The OECD's warning over Brexit is totally twisting the figures

Tim Worstall

The Organisation for Economic Co-operation and Development (OECD) has just given us its considered opinion on the likely costs of Brexit.

And as the more canny Scots like to insist about the English, we should perhaps send them home to think again. For what its done in presenting their numbers is one of those near unpardonable statistical sins.

It's presenting what will be a small annual cost, even by its calculations, and rolling it up over the years into being a much larger number with which it can scare us all. And whatever your views on Brexit (mine are, "yes, yesterday") we should all at least agree that we're not going to start manipulating the evidence on this most important question.

Read more: Brexit myths debunked - why leaving could be good for GDP

In its report the OECD says this:

By 2020, GDP would be over three per cent smaller than otherwise (with continued EU membership), equivalent to a cost per household of £2,200 (in today’s prices).

By 2030, in a central scenario GDP would be over five per cent lower than otherwise – with the cost of Brexit equivalent to £3,200 per household (in today’s prices).

Two grand a year? Eeek.

But that's not what is being said at all. For median (the number which 50 per cent of households are above, 50 per cent below) household income in the UK isn't all that high. Three per cent of it is about £700.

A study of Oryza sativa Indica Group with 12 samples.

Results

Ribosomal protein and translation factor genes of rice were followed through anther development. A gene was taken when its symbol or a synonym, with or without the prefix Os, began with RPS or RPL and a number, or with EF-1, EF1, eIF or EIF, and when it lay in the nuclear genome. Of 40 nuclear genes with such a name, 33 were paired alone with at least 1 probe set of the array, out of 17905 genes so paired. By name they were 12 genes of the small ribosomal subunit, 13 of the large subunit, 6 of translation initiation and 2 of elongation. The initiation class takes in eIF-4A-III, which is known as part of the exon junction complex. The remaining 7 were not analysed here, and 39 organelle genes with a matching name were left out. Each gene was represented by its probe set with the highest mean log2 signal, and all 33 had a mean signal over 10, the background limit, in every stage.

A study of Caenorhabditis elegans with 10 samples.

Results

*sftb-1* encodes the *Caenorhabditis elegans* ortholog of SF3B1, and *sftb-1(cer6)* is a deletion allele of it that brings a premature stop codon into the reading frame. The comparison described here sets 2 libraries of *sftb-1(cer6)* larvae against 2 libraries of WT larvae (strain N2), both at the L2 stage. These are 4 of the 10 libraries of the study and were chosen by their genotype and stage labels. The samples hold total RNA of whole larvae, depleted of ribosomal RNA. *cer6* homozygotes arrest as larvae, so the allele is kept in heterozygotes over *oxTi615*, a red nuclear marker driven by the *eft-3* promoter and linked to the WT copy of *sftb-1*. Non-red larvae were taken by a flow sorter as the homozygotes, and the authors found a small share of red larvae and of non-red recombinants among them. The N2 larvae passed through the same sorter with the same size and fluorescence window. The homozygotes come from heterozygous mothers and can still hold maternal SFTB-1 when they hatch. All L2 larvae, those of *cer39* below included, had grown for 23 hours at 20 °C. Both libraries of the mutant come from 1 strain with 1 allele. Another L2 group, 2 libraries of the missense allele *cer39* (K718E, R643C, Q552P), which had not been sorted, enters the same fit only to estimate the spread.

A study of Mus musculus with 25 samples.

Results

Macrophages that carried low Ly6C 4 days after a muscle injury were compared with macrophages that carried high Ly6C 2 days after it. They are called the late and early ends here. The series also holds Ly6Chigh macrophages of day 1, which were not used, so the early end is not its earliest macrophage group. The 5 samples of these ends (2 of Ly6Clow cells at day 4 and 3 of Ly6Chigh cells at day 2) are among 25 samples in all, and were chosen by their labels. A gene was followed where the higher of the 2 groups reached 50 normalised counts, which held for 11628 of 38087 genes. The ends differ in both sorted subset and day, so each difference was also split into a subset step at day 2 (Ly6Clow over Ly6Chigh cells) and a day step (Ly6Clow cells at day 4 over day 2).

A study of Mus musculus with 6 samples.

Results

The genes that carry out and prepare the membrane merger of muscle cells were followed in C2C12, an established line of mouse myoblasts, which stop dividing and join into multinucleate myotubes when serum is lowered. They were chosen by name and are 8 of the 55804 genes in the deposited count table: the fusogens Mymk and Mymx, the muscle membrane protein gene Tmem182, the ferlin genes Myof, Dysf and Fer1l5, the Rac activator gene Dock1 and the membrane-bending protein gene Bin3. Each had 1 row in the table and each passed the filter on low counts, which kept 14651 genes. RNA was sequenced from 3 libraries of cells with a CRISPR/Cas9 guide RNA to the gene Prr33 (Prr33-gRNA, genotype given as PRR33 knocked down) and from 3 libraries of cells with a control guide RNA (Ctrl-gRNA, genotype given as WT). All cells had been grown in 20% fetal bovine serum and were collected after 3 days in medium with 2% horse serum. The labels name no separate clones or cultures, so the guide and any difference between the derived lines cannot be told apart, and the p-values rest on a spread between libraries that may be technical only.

So what the OECD has done is say it will cost £700 in 2018, £700 in 2019 and in again 2020. Then it's added those three years together to give us that total cost of some £2,200 (I rounded a bit) - which is more than a bit off really. In fact it stinks. It's supposed to be the impartial international bureaucracy, not political partisans presenting scare figures as rhetoric.

Just to emphasise that rhetorical effect, look at that longer term prediction, the one out to 2030.

That again is not an annual number - it's the total cumulative effect over that period of time. It's also an estimate at the very boundary of our possible knowledge (five per cent more or less on GDP in 14 years' time probably is beyond our ability to predict) and it's not a difference from current numbers, but from what they would be in that unknowable world of our not leaving.

And then cast that same number into the rhetoric of that nice Mr. Farage (who I used to work for).

“It'll cost you less than 300 quid a year to be free of Brussels.”

It's just not so scary, is it? And the very fact it isn't shows quite how much political rhetoric there is behind the way the OECD has presented these figures.

Owen Barder and Jonathan Portes both say that the OECD's trick has been a little different. Instead of measuring the costs against household income, as most will assume they are doing, they are dividing total GDP by the number of households.

But this is a similarly absurd method of measuring these costs and produces the same result. Household costs are over-estimated by roughly three times.